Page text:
Guest blogger Jessica Katz: I have always felt like being a mom is harder than any job I have ever had -- and I have had some tough bosses. I knew it was tough after I had my daughter and missed my old job, because I hated that job.
My daughter was the toughest boss I had ever had. There was no "hold" button, I could not send her to voicemail and there were no lunch breaks. And, like many past bosses, she was always screaming at me. It was nonstop. At my old job, if I needed a break I would surf the Web or doodle. With my daughter, there were no breaks. I was on 24/7.
I was sitting with a new mom recently, and she was telling me how she couldn't wait to go back to work. Being home with the baby all day was driving her crazy, and it was so much harder than her job. She was exhausted and frustrated. Another mom at the table who was already back at work was sharing how much happier she was to be at the office. "Work is easier than being home with my kid," she confessed. The fourth mom at the table had found a compromise by working three days a week. She said she couldn't not work because she would go crazy; she needed something else to do besides baby duty. But when she did work, she felt guilty.
After having my daughter, I knew I wouldn't work, except for the occasional freelance job from home. But after a few months, I missed getting dressed, going to an office and interacting with other adults. It was then that I started my baby group. I met a group of moms who'd all had high-profile careers before their babies. And shockingly, every single one of them was a little bitter to be home, resenting the fact that their husband got to be out of the house all day while they were stuck home with the baby.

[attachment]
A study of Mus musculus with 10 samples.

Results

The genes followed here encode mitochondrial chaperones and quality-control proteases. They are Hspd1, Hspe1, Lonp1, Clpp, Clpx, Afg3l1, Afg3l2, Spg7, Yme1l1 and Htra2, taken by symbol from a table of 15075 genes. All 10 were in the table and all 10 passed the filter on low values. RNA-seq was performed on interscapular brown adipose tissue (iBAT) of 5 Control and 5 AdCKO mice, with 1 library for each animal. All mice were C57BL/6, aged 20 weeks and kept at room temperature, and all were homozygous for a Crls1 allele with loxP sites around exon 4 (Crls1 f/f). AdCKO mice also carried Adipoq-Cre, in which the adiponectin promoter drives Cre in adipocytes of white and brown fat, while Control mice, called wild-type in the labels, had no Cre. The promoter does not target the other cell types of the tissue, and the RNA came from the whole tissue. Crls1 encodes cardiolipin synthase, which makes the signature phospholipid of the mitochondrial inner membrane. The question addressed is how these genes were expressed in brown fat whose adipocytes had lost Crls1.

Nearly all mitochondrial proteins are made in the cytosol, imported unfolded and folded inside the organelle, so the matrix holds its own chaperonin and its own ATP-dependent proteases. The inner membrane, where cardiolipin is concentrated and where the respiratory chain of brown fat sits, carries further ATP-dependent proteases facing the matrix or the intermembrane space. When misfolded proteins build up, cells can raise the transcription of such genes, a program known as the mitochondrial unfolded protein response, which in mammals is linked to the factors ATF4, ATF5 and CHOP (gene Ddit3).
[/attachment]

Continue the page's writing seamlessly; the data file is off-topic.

I decided that they are only small for such a short time, and it goes by in a flash; that I am really fortunate to be in a position where I can be home with my baby. As tough as it is, I consider it a gift. Soon enough, she will be in school and I can work all I want to. And not too long after that, she will be all grown up.
But that doesn't discount how hard it is. My husband can work all day just fine, but two hours with our daughter and he needs a nap. Women have a lot to sacrifice when it comes to being moms. It is a tough choice: You can feel unfulfilled at home and guilty at work. But every mom finds a way to make it through the day over and over again -- even if it feels like it will never end.